Is Peanut Butter Lip-Smacking Good for Cats? It's Complicated
Peanut butter is a popular treat for dogs, so you may be wondering if your cat can eat peanut butter, too. The short answer is yes—cats can eat peanut butter. But before you give your cat a spoonful, there are other questions to consider: Are there any nutritional benefits to feeding cats peanut butter? Are there any risks involved with feeding cats peanut butter? How can cats be fed peanut butter safely? Answering these requires a quick overview of feline nutrition and some expert advice on how to partner with your veterinarian to keep your cat healthy.
Are There Nutritional Benefits to Feeding Cats Peanut Butter?
According to the University of Missouri Small Animal Clinical Nutrition Service in Columbia, Mo., cats have specific nutrient requirements that must be met by their diet, and the nutrients they require aren't the same as the ones humans need. As obligate carnivores, cats rely on nutrients found only in animal products. "The simplest and most convenient way to meet the nutrient requirements of a cat," the Clinical Nutrition Service explains, "is to provide them with a complete and balanced commercial diet formulated by a board-certified veterinary nutritionist or an individual with a PhD in animal nutrition."
This means as long as your cat is getting all of his required nutrients from his diet, treats like peanut butter don't have nutritional benefits. It's also important to note that when it comes to nutrients, more isn't always merrier. In some cases, giving a cat more nutrients than he needs can actually cause problems.
Are There Any Risks Involved with Feeding Cats Peanut Butter?
While the Clinical Nutrition Service lists peanut butter as a safe food for cats, it notes that there are caveats, including the ones listed below.
- Peanut butter is considered to be safe for healthy cats. So if your cat has a health condition, the general rule doesn't apply.
- Every cat is unique and can vary a great deal when it comes to tolerating certain foods. "Cats must be considered individually," the Clinical Nutrition Service explains, "as some cats may consume a particular food item with no issue and another cat may consume the same item and develop vomiting, diarrhea, or other adverse signs."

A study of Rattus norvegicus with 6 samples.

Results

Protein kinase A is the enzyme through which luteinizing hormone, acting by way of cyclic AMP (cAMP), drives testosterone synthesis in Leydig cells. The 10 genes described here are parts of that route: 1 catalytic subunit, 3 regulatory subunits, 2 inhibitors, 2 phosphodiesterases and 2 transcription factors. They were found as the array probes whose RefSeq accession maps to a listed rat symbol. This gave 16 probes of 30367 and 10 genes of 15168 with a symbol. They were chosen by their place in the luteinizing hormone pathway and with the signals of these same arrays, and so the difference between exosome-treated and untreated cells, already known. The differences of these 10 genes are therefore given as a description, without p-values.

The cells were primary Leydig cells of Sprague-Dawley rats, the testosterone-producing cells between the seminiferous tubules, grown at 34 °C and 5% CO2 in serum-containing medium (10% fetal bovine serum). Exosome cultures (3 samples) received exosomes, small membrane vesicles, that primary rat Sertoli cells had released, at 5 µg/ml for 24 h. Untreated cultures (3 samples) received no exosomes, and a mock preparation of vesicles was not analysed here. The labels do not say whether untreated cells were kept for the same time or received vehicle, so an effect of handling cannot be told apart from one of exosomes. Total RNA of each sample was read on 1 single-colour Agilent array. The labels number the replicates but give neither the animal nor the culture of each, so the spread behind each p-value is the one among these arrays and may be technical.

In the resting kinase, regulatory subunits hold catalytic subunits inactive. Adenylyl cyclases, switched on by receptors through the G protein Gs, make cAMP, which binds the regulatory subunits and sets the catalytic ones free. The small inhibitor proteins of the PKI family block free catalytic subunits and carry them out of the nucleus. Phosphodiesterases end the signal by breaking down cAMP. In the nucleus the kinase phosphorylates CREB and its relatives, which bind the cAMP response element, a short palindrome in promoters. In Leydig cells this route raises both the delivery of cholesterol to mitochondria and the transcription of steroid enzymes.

- The majority of a cat's calories should come from foods specially formulated to give him the nutrients he needs. Human foods like peanut butter should only be given occasionally and in moderation.
- Due to its thick, sticky consistency, peanut butter can be a choking hazard for cats.
- Peanut butter often contains a sweetener called xylitol that is toxic to cats. Xylitol can cause vomiting, lethargy, and loss of coordination and signs can progress to seizures and liver failure. The simpler the butter, the better. Always check the nutrition label, and aim for a butter containing only peanuts.
If you know or suspect your cat has eaten peanut butter sweetened with xylitol, call your veterinarian or the ASPCA Animal Poison Control Center (888-426-4435) as soon as possible.
How Can I Feed My Cat Peanut Butter Safely?
With these caveats and feline nutritional needs in mind, here are some general rules to follow when feeding your cat peanut butter:
- Ask. Talk to your veterinarian before giving your cat any new human foods—even if they're typically considered to be safe for pets.
- Calculate. To determine how much peanut butter your cat can safely eat, you'll need to do a little math. The Clinical Nutrition Service says treats shouldn't account for more than 10 percent of your cat's daily caloric intake. For example, if your cat eats 250 calories a day, only 25 of those calories should come from treats. Check the nutrition label on your peanut butter jar to see the calorie count per tablespoon. Peanut butter is calorically dense, so the correct portion size should be very small. This is also a good time to double-check the ingredient list to make sure it doesn't contain anything your cat should avoid—especially xylitol. Cats vary in the amount of food they need to eat each day to maintain an ideal weight. If you aren't sure how many calories your cat needs or what his ideal weight is, ask your veterinarian about developing a nutrition plan that's specific to your cat.
- Monitor. The Clinical Nutrition Service says that even safe foods can have unexpected reactions, so watch your pet for signs of gastrointestinal problems (e.g. vomiting, diarrhea) after consuming a new food. It's also a good idea to introduce only one new food at a time. That way, if your cat does start showing signs of illness, you can more easily pinpoint the source of the problem. If you think your cat is having an adverse response to peanut butter, call your veterinarian.
Should Cats Eat Peanut Butter?
The bottom line: nutrients before treats. Because peanut butter isn't part of a complete and balanced diet for felines and because it can cause problems, there's no need to go out of your way to get your cat to eat it. However, if your cat is curious or you think a bit of peanut butter might help some medicine go down, follow the guidelines above for the safest approach.
If you're unsure whether your cat is getting the nutrients he needs from the food he eats every day, bring up your concerns with your veterinarian. They are ready to help you find good options for your pet. And if you're sensing a theme about going to your veterinarian with questions, it's intentional. Open, honest communication with your veterinarian is key to keeping your cat safe and healthy. No problem (or treat) is too small to discuss.